03 Oct 2011
October 3, 2011

What about the cash, Duncan!


As I watched, I was rather taken aback when Duncan Bannatyne said something surprising:

“Turnover is vanity, profit is sanity”

He then continued…

“It’s profit that pays your mortgage, it is profit that you live on, it is profit that builds up your pension”

Sorry Duncan, but you’re wrong – profit does not pay the mortgage – cash pays the mortgage.  Turnover is vanity, profit is (sometimes) sanity but cash is reality.

This simple mistake from Duncan came as such a surprise.  Surely, cash is what The Den is all about?  A growing company can make good profits but the available cash is so often soaked up in expanding the working capital base – sometimes resulting in overtrading and collapse.  If profit did pay the bills then The Den would be a very quiet place as all those small-but-profitable businesses would not need to pitch for the money.

Later on, Duncan met Ling and she shared with him some accounting figures that were supposed to show that he would have got back his investment.  This time, Duncan redeemed himself to a degree.  As Duncan pointed out, the profits would not have flowed back to the investor as the business would not have been able to pay the dividends.  At least this time he was recognising that he wouldn’t have got a return as the business would not have been able to convert it’s profits into cash.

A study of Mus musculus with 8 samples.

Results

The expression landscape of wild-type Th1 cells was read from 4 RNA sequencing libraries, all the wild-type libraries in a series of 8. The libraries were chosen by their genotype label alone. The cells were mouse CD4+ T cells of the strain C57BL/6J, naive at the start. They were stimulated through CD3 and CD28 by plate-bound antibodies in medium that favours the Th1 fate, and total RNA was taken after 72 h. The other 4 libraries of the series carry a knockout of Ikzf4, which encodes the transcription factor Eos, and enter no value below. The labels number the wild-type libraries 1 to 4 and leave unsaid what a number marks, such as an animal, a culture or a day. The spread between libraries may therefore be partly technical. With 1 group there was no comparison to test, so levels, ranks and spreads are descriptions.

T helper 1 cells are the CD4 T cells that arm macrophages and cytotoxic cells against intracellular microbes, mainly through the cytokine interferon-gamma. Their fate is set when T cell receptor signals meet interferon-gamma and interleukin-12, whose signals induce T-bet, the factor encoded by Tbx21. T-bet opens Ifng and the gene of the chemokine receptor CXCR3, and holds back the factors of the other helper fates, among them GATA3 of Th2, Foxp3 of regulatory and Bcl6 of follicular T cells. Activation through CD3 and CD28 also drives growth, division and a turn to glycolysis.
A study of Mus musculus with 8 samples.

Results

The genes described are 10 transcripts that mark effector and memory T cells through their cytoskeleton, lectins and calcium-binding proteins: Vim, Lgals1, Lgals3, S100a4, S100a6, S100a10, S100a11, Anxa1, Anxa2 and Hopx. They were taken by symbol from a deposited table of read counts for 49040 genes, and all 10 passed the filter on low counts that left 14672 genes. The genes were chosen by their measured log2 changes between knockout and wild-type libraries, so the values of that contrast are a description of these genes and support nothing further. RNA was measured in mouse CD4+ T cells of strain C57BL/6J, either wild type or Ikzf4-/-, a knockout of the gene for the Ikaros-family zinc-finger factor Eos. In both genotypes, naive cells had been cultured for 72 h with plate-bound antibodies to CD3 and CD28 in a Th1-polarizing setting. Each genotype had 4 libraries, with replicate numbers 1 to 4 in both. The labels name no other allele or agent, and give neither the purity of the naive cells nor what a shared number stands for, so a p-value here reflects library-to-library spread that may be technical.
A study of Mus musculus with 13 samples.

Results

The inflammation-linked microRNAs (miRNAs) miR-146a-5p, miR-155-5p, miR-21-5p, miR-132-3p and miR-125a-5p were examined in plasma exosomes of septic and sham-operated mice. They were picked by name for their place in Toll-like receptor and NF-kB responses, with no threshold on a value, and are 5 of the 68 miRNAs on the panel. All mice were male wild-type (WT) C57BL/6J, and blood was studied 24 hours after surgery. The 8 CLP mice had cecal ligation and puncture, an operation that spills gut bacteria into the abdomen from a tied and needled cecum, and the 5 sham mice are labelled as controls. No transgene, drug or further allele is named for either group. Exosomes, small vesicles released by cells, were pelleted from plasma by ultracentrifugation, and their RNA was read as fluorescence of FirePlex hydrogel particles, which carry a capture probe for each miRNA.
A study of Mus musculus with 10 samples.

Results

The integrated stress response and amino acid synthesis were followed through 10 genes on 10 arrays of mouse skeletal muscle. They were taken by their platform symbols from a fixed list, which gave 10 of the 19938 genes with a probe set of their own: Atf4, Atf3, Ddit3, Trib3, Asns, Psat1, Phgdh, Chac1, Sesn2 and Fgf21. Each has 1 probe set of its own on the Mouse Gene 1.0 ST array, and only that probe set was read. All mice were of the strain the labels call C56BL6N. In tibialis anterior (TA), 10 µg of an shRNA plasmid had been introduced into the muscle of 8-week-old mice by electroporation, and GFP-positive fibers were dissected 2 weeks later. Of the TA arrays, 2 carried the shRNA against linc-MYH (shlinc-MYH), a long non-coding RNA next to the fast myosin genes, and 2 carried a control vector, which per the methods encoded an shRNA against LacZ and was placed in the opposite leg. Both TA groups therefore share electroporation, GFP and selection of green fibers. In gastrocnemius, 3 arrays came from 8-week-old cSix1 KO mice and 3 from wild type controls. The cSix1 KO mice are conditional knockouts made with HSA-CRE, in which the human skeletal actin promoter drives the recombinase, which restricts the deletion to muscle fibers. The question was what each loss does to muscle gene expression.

However, Duncan could have gone further and explained that an investor’s return generally comes from the profit on the business, not the profit in the business.  For an investor, the real return comes at the end of the 3-5 year plan.  It isn’t the relativly small amount that can be extracted year-by-year that is of interest but the much larger lump sum that comes when the investment is liquidated upon exit.  Going back to the point about mortgages, it goes like this:

  • Profit – Gets you a mortgage
  • Cashflow – Pays your mortgage
  • Business exit – Pays off your mortgage

So, the lesson for all entrepreneurs is this:

  • Start with a business that makes a profit.
  • Run it with a strict focus on cash.
  • Develop your strategy around your exit valuation.

Come on Duncan, Cash is King – and the exit plan is the holy grail!